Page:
Pregnancy does not prevent a woman from receiving some vaccines and some are recommended. The benefits of protection for the mother and her unborn child often outweigh any theoretical risk of vaccination. However some vaccines should be avoided.
Whooping cough vaccine in Pregnancy
Whooping cough vaccination also known as Pertussis vaccination is recommended during pregnancy from 28 to 32 weeks gestation. The aim is to boost mum’s antibodies so that these can pass to the baby through the placenta. This gives the new born baby some of it’s mum’s protection in the first few weeks of life, before the baby is vaccinated.
Most samedaydoctor clinics stock the necessary whooping cough vaccine and can offer this at very short notice at a time convenient to you.
Flu vaccine in Pregnancy
Flu vaccine is recommended for pregnant women during ‘flu season’ (October to February in the UK). This is because pregnant women are more susceptible to becoming seriously ill from flu. The benefits of inactivated flu vaccine are greater than any theoretical risk of vaccination.
Rubella in pregnancy
Rubella or German Measles can cause severe abnormalities of the baby and all women should be vaccinated prior to pregnancy. Immunity from vaccination is not guaranteed and a blood test to check immunity prior to trying for a baby is advisable. Pregnant women who have not had an immunity test prior to pregnancy should have one early on and if not immune take extra care to avoid contact with German Measles. Pregnancy must be avoided for at least 1 month and some authorities recommend 3 months, after vaccination.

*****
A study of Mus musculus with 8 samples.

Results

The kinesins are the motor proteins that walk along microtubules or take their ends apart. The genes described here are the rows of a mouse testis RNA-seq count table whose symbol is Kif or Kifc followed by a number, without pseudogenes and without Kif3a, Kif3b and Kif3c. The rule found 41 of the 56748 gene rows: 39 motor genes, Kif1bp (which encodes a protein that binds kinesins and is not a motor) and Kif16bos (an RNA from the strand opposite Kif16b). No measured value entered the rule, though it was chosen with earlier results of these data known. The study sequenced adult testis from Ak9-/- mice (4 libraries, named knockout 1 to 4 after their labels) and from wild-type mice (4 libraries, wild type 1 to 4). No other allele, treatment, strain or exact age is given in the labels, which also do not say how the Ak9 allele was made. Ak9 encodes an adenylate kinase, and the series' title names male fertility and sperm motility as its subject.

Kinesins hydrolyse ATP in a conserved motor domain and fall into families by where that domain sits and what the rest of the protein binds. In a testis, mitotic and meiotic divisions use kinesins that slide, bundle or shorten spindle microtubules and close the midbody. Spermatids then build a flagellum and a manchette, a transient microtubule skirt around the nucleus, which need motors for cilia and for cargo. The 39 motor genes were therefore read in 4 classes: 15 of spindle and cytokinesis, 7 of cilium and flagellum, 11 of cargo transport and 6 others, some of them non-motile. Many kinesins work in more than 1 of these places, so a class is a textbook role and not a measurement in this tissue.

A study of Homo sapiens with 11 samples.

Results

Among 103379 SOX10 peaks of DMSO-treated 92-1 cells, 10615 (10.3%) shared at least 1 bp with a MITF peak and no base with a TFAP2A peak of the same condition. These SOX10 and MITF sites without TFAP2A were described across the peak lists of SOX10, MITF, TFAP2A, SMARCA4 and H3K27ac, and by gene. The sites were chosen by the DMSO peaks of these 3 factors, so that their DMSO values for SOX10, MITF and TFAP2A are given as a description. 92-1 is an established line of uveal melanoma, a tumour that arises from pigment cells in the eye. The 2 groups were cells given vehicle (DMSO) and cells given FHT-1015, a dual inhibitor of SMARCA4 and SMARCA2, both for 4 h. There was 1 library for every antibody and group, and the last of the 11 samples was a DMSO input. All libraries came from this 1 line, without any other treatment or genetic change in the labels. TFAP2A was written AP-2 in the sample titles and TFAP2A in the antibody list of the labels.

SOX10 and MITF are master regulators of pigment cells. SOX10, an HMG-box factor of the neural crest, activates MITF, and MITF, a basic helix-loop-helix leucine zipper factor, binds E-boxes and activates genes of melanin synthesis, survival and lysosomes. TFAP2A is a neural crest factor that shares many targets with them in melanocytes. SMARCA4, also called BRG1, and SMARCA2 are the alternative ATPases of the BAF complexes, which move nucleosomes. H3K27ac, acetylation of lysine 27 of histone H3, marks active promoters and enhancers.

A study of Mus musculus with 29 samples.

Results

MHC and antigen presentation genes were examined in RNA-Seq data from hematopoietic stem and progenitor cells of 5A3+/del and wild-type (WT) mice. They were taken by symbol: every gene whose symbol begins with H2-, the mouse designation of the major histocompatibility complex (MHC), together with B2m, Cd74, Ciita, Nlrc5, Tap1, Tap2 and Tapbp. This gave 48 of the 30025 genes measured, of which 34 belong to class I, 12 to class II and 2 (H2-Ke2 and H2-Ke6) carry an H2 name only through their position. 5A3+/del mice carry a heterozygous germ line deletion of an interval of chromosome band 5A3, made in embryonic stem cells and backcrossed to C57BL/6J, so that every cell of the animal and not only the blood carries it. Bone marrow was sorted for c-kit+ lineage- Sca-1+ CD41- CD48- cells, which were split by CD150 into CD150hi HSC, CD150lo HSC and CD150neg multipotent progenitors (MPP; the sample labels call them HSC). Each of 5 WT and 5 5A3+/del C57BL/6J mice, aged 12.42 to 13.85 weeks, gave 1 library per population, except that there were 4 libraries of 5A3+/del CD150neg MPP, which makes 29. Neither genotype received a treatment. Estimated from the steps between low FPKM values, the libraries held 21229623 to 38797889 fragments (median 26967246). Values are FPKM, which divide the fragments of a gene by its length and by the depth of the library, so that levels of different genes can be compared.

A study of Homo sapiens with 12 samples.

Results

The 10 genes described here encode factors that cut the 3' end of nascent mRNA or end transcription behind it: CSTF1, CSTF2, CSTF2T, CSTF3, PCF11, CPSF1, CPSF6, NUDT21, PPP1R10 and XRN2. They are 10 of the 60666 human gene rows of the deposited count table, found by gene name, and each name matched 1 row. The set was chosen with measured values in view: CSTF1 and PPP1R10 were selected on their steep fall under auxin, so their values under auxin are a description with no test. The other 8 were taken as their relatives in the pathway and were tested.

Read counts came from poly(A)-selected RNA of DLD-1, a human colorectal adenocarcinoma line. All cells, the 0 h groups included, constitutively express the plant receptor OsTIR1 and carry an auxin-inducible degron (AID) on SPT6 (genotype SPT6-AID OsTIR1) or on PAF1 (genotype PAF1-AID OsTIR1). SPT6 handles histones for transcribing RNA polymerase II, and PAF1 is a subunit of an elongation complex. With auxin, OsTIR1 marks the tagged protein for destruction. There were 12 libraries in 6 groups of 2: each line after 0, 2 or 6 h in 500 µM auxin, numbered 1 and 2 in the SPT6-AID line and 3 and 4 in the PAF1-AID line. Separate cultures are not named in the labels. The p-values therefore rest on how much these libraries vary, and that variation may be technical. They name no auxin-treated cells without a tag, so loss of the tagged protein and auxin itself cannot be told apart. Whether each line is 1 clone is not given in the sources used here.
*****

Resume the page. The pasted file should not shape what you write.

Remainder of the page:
Travel Vaccines in Pregnancy
Travel to parts of the world where infectious diseases are more prevalent is not ideal in pregnancy and the dangers should be taken into account when booking trips. Live vaccines should generally be avoided during pregnancy, including Yellow fever. Pregnant women should where possible avoid going to areas where their is a risk of contracting Yellow Fever, but if the travel is unavoidable, vaccination may be considered.
Inactivated vaccines, such as hepatitis A, typhoid, diphtheria, polio and tetanus, can be used if the risk of infection is high, but where possible travel to areas of risk should be avoided or vaccination carried our prior to pregnancy.
Pregnant women should avoid travel to areas with malaria risk during pregnancy. If travel is unavoidable, bite prevention is essential but DEET over 50% should be avoided. The type of anti-malarial tablets to use in pregnancy, if exposure is unavoidable should be decided by a doctor based on where the woman is travelling to.
MMR vaccines must be avoided in pregnancy, as should BCG. Any vaccine should where possible be given when not pregnant.